Responsible travel involves more than just being a passive observer. Try to get to know the culture you are visiting, both for your own personal enrichment and also to avoid accidentally offending those around you with different beliefs and views.
A good way to get to know a culture better is to try and lean some of its language. A simple ‘hello’ and ‘thank you’ can go a long way to breaking down barriers.
Also take note of local dress. In many cultures women are required to cover up substantially.
As a general rule, dressing smartly, will garner more respect. A rich westerner who dresses sloppily in dirty clothes can be considered as insulting in the face of a poorer tribe, which despite their poverty make an effort to appear smart.
Use local residents as guides to gain a more grounded perspective of an area, and teach you local etiquette.
There are many cases of small tribes becoming entirely dependent upon cultural tours. Question what good a tribe or village gains from your visit.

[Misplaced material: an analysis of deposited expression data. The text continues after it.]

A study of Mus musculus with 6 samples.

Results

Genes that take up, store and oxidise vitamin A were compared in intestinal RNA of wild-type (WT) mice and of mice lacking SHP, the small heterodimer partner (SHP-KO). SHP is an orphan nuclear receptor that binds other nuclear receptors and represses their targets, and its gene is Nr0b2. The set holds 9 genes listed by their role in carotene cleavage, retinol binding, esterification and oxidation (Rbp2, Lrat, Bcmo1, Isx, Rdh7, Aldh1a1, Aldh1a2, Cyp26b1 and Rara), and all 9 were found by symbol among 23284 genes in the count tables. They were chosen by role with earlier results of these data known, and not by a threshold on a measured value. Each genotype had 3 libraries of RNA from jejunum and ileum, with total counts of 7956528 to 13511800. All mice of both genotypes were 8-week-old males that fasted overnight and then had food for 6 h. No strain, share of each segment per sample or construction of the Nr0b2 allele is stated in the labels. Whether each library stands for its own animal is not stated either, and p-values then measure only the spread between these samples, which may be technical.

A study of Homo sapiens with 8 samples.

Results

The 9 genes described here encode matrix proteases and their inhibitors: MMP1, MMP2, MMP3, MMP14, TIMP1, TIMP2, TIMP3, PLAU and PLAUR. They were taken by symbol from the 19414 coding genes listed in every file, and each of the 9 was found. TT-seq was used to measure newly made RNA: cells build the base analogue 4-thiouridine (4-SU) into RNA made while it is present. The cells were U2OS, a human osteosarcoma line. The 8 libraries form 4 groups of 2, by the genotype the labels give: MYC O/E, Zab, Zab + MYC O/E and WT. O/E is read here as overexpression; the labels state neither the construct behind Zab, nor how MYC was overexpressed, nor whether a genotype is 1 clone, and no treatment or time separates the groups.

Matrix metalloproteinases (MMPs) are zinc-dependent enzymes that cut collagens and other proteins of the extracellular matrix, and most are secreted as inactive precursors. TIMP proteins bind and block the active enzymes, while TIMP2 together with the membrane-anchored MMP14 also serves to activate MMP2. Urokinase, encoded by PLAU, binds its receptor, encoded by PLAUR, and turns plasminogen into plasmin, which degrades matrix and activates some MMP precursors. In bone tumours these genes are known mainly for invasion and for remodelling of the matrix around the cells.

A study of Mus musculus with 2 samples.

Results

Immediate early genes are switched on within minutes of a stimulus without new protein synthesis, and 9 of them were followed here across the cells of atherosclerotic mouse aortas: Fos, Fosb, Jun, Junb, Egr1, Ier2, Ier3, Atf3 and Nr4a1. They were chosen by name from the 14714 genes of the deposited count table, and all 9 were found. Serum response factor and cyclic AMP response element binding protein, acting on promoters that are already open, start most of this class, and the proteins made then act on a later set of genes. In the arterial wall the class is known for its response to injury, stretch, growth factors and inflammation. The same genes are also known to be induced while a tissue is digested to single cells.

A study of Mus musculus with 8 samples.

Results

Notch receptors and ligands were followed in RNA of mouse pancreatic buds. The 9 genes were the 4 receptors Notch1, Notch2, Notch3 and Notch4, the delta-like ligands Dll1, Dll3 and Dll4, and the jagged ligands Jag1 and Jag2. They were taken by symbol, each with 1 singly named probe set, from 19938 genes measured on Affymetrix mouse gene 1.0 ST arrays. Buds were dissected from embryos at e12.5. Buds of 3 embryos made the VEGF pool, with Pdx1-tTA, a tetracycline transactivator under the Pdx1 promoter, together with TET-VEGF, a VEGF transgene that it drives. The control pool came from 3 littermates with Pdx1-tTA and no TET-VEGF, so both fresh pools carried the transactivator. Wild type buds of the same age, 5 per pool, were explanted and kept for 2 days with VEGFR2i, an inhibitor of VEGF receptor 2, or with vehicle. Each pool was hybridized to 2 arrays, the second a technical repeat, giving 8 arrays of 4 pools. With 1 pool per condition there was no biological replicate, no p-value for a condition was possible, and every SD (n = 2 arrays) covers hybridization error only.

Do they receive a portion of the proceeds to improve their infrastructure? Is their traditional livelihood being maintained? Or do they solely exist now to amuse a bus of gaping gap year students with a trigger happy penchant for clicking on their digital camera.
In short, ask first, and do not treat people as objects, a township in Soweto may be a million miles from your home, but poverty is poverty and snapping those ‘gritty and real’ pictures of people begging on the street for your own end does few moral favors.